Staff have taken time out from working on the transformation of Virgin Trains’ east coast route to volunteer at the world’s first commercial railway.
As Virgin Trains prepares to revolutionise train travel with the introduction of its Azuma trains from next year, 29 volunteers from the company have helped to drive steam trains and worked as “navvies” at Middleton Railway in Leeds.
Middleton Railway Vice-President Ian Smith, who has been a volunteer at the heritage museum for 45 years, said: “Virgin Trains staff have assisted us by cleaning and, under supervision, driving the railway’s steam locomotive ‘Matthew Murray’ which was built in 1903.
“They’ve also spent time working as railway ‘navvies’ and, under the direction of our chief engineer, helped to level the floor of our running shed, replace wooden timbers on the track and lay a new foot crossing, which saved us a few months’ worth of work in just one day.
“Many of them are office-based so it was great to see them getting their hands dirty by shovelling coal onboard and grafting in the rail shed or on the track!
“Middleton was the very first railway to be authorised by an Act of Parliament and had the first commercially successful steam locomotive in 1812 when it helped to transport a cheap supply of coal, which gave a vital impetus to the growth of Leeds and its industries. There is a great connection between Middleton and Virgin Trains, two Yorkshire-based enterprises, which are and were world leaders in their day.”
Virgin Trains will introduce 65 new Hitachi-built Azuma trains from 2018 which will create many extra services and faster and more comfortable journeys.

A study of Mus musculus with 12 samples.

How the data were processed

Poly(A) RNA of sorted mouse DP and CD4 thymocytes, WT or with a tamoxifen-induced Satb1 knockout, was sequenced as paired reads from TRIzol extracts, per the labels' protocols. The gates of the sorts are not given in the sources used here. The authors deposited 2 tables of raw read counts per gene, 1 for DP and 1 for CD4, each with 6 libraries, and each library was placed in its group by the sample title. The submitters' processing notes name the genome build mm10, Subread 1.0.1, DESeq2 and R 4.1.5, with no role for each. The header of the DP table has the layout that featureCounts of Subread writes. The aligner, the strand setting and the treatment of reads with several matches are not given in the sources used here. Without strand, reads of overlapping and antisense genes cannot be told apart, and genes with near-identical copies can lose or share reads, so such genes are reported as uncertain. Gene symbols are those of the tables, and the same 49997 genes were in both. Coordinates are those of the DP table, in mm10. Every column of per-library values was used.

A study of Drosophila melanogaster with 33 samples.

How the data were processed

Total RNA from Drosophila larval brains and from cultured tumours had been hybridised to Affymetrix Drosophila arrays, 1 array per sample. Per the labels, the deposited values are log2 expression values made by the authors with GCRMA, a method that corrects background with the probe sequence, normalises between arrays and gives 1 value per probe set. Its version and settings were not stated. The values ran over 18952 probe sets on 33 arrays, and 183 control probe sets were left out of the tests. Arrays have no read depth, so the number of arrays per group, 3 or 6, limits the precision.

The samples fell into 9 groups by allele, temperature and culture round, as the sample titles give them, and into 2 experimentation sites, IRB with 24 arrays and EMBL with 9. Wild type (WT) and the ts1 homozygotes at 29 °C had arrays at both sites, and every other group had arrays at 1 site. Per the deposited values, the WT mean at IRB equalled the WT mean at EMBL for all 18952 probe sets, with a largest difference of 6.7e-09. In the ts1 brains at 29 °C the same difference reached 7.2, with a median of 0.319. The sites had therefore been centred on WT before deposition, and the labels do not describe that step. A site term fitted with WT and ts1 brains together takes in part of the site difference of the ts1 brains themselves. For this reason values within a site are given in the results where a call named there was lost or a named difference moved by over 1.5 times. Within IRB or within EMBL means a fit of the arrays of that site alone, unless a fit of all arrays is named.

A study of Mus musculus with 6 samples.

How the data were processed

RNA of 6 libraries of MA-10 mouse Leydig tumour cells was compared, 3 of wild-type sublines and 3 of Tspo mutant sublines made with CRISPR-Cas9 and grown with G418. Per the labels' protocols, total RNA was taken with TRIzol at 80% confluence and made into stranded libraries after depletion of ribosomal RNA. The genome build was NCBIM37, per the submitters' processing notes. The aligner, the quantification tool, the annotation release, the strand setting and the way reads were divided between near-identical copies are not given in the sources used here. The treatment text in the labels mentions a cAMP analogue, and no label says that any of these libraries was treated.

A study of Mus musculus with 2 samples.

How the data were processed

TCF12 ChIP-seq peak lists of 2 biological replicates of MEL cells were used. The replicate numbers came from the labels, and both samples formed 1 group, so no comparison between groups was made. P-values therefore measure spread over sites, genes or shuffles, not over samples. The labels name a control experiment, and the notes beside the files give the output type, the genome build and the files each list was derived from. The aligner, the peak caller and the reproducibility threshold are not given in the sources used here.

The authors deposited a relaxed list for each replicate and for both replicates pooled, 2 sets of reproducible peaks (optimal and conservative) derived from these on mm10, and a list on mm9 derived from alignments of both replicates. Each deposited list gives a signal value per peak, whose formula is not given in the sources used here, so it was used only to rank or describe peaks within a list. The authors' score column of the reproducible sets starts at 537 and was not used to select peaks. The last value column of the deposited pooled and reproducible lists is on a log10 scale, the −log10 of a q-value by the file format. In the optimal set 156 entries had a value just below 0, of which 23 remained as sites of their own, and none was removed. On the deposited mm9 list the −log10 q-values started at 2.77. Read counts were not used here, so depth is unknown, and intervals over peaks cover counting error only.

Virgin Trains’ Major Projects Director Tim Hedley-Jones said: “While we’re planning to launch the next exciting chapter of rail travel with our brand new Azuma trains from next year, our ‘steam team’ took time out from the day job to get back to basics with this fantastic and historically very significant railway.
“It’s important to Virgin Trains that we promote and protect the history and heritage of our east coast route – and the experience of acting as railway navvies and even driving a steam locomotive has been inspiring for our people.”
Virgin Trains launched a new timetable last month which will see an additional 15 services on Saturdays between Leeds and Wakefield and London King’s Cross. This has effectively created a half hourly service between Leeds and the capital six days per week. When combined with additional improvements in December 2016, the new timetable means there will be an extra 600,000 seats available compared to a year ago. Virgin Trains last month announced that 115,000 seats would be available for £16 for customers travelling between Leeds or Wakefield and London on the additional Saturday services.